JOURNAL ARTICLE

ApoE alleles and tau markers in patients with different levels of cognitive impairment

Manuel Lavados, Gustavo Farías, Francisco Rothhammer, Marta Guillon, Maria C Mujica, Cristóbal Maccioni, Ricardo B Maccioni
Archives of Medical Research 2005, 36 (5): 474-9
16099324

BACKGROUND: The presence of brain hyperphosphorylated tau constitutes a hallmark of neurodegenerative disorders of the Alzheimer's type. This report describes the relationships between tau markers in the cerebrospinal fluid (CSF), the degree of cognitive impairment and the predictive value of genetic markers such the alleles of apolipoprotein E, namely, the presence of Apo-epsilon4, as part of a longitudinal study.

METHODS: Three major groups of patients with ages ranging from 65-73 years were evaluated in this study (n=72): Alzheimer's disease patients (AD), a group with mild cognitive impairment (MCI) and normal senile patients (NS). Hyperphosphorylated tau and tau dephosphorylated species at the Alzheimer-type epitopes in CSF samples were analyzed by ELISA assays using a battery of different monoclonal antibodies. ApoE was analyzed by PCR in blood samples.

RESULTS: The levels of hyperphosphorylated tau were significantly higher in AD patients, but no statistical differences were found between the MCI and NS groups. However, the analysis of tau markers and cognitive impairment indicated the existence of two main subgroups within this population: MCI patients with a higher cognitive impairment as revealed by the total box score (TBS) >1.5 who exhibited phosphorylated tau patterns similar to the AD group, and patients with a mild impairment (TBS <1.5) with tau patterns similar to normal patients. In regard to ApoE, epsilon4/epsilon4 genotype was absent in the Chilean population analyzed, and only the epsilon2/epsilon4 genotype was significantly increased in both MCI and AD patients. A detailed analysis of the ApoE alleles, particularly epsilon3 and epsilon4, indicated a tendency to increase the epsilon4 allele in the MCI group with higher cognitive impairment and in AD patients.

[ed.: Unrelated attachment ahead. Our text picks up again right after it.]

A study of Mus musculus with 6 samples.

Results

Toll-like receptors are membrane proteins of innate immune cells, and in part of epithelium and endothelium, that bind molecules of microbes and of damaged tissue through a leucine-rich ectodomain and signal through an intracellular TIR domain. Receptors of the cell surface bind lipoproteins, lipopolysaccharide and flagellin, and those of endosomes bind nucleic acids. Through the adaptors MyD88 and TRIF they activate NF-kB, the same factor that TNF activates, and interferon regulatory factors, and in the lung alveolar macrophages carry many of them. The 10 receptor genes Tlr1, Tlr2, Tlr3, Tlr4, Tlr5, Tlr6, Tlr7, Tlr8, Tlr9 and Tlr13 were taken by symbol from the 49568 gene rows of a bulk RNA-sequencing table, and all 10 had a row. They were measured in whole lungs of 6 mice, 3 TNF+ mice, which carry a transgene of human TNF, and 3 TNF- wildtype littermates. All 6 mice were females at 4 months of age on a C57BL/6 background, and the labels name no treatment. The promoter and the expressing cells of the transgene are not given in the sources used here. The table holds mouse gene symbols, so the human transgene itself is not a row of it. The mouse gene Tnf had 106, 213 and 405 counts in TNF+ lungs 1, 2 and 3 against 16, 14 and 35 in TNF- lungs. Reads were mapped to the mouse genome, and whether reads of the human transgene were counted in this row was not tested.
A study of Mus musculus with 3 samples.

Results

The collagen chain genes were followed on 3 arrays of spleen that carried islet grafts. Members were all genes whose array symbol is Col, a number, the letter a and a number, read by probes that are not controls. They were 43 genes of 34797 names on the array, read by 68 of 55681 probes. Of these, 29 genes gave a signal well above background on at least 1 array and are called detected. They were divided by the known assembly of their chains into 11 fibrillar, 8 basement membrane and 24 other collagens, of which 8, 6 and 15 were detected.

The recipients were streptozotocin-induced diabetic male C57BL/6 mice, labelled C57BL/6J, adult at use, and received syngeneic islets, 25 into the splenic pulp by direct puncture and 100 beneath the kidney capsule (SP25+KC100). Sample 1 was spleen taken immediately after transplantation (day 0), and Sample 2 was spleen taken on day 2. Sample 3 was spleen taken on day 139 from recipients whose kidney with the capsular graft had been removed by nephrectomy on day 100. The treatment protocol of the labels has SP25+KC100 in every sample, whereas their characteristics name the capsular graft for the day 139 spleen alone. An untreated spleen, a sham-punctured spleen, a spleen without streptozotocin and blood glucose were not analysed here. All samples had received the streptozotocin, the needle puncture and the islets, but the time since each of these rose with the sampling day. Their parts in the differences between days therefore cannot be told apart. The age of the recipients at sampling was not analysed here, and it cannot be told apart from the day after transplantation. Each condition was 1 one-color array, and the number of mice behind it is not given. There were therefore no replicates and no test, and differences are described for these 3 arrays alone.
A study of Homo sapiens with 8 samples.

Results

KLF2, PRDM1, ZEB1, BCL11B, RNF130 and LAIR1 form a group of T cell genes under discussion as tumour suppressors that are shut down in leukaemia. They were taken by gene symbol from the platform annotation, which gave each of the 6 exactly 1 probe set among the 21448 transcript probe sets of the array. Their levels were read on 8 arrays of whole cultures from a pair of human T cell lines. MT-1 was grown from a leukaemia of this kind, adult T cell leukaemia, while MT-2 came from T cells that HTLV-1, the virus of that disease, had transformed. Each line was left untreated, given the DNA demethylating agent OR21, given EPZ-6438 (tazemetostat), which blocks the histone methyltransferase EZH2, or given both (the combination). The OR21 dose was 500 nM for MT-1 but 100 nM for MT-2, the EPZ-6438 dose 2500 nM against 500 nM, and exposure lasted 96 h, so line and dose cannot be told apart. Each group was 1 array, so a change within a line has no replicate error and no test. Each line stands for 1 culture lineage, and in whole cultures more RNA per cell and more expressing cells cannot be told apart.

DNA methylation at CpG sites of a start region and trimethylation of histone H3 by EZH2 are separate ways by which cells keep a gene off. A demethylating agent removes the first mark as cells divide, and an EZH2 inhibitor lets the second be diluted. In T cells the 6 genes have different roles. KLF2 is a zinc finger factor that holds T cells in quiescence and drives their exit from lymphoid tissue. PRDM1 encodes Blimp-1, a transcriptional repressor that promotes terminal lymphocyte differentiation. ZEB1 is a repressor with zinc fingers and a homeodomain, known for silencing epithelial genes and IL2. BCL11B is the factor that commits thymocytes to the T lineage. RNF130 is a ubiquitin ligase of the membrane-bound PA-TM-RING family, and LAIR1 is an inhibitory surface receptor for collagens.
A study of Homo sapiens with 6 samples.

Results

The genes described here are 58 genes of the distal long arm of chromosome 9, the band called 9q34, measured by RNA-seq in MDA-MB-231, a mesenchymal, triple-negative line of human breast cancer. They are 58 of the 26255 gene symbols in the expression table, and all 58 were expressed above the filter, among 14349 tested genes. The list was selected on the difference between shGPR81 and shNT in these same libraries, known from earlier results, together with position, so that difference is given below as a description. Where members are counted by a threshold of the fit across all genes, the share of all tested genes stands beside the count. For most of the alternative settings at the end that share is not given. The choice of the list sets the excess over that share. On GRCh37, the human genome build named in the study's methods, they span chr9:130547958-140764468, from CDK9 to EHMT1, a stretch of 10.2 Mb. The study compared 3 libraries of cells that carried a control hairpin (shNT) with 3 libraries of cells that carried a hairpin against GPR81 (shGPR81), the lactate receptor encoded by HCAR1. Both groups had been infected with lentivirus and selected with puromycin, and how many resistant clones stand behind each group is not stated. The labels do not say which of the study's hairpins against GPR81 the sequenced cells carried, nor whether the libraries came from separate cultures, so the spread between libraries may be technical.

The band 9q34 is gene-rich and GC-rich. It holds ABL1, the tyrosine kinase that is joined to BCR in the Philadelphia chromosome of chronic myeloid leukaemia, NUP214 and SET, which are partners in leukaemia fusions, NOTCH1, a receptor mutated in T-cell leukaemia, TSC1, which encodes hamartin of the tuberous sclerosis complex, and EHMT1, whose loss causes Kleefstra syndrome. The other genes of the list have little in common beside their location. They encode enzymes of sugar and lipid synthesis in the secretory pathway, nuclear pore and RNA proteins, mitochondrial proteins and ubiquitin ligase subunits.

CONCLUSIONS: Studies indicate that hyperphosphorylated tau is a good indicator of the degree of cognitive disorders in early stages of AD and that no clear correlation exists with the epsilon4/epsilon4 and epsilon3/epsilon4 genotypes, even though a higher proportion of epsilon4 allele in the MCI group with a more significant level of impairment and in AD patients was evidenced.